Research snapshots

Our research snapshots are based on the findings of our research into the needs of young people living with cancer. These snapshots provide insight into the needs of young people living with cancer and provide recommendations for the types of support that young people might need.

This research snapshot presents the results of research undertaken with young people who have, or have had cancer. The snapshot pays particular attention to ‘time since treatment’, exploring differences in needs between 3 groups of participants: those who were still on, or within 1 year of, treatment; those who were between 1 and 5 years since treatment; and, those who were beyond 5 years since treatment.

Perhaps the most striking finding in this snapshot is that the average number of unmet needs was roughly equal across all 3 ‘time since treatment’ groups. In other words, those whose treatment was 5 or more years ago still reported the same number of unmet needs as those whose treatment occurred less than a year ago or was still going; however the areas of need differed. This finding highlights the importance of ongoing support and follow-up of young people who have had cancer, even 5 years or more after their treatment.

This research snapshot presents the results of research undertaken with young people who have a sibling with cancer. Peer support from one’s friends and from other young people who have been through a similar experience with cancer, were very highly ranked needs in this study. The Peer Support (friends) domain was found to be the most unmet of all 10 domains, informing one of the major recommendations of this study which is for the investigation and development of practical ways to improve the quality of support that friends can offer young people who have a sibling with cancer. The single most unmet need item overall was the need for ‘help with the fear that my sibling might die’, which also highlights the importance of professional counselling and emotional support for young people who have a sibling with cancer.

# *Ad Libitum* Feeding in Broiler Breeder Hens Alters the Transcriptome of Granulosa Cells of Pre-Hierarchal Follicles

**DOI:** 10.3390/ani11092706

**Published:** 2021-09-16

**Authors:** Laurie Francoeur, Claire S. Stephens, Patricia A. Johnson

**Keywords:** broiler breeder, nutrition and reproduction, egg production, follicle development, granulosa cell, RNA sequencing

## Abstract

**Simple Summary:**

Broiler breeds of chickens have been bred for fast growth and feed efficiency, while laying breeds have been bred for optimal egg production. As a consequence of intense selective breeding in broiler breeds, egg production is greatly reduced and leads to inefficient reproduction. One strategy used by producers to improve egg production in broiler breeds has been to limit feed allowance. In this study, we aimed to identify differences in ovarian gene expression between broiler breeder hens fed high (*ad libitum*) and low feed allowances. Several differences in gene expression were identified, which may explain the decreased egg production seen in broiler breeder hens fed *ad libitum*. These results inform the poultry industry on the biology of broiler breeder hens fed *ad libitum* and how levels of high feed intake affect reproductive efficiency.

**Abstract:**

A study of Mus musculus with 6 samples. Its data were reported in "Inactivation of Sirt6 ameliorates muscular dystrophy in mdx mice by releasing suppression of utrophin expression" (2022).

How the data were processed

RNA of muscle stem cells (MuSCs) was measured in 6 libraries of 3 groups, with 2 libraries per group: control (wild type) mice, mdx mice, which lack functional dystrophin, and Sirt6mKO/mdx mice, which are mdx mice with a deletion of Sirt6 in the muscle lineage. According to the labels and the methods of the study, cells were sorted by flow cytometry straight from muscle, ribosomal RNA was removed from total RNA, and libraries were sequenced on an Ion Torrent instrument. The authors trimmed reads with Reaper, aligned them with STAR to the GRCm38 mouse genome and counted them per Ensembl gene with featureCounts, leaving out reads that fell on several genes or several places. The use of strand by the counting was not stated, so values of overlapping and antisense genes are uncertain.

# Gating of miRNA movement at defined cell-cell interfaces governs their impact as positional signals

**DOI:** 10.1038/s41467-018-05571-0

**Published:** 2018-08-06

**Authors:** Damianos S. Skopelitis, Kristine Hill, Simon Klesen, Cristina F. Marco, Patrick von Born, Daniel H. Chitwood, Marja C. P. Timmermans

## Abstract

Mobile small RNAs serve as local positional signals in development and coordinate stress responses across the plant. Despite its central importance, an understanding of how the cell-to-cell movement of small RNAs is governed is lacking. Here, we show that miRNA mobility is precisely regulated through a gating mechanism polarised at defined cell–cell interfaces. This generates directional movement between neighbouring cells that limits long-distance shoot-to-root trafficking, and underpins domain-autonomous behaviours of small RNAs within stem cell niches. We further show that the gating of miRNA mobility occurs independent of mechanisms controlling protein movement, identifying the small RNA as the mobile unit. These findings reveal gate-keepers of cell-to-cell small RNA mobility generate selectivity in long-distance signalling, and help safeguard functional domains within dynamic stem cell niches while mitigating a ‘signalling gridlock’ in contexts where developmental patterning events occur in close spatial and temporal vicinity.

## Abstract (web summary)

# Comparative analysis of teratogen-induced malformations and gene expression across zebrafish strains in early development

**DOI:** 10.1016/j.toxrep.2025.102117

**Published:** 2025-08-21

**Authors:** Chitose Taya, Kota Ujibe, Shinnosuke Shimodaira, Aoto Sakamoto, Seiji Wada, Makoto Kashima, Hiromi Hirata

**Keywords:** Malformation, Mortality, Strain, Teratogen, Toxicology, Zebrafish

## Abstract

This research snapshot presents the results of research undertaken with young people who have a parent with cancer. A notable finding of the study is the elevated levels of psychological distress in many of the participants, as measured by the widely-used psychological functioning measures, the Strengths and Difficulties Questionnaire (SDQ), and the Depression, Anxiety and Stress Scale (DASS). Also found were strong correlations between higher levels of unmet need and higher scores of psychological distress.

Recommendations of this study included the need to ensure greater access to professional counselling to assist the young person in expressing and coping with their feelings. The domains identified in this report also helped form the basis of CanTeen’s ‘Now What…?’ resource for young people who have a parent with cancer.

This research snapshot presents the results of research undertaken with young people who have lost a parent or sibling to cancer. The need for more support and understanding from others, such as friends, family, teachers and employers, was one of the most prominent needs identified in this study. Many of the bereaved young people in this study reported feeling that others didn’t properly understand what they were going through, thus highlighting the need to improve education about how to support a young person who has lost a family member to cancer.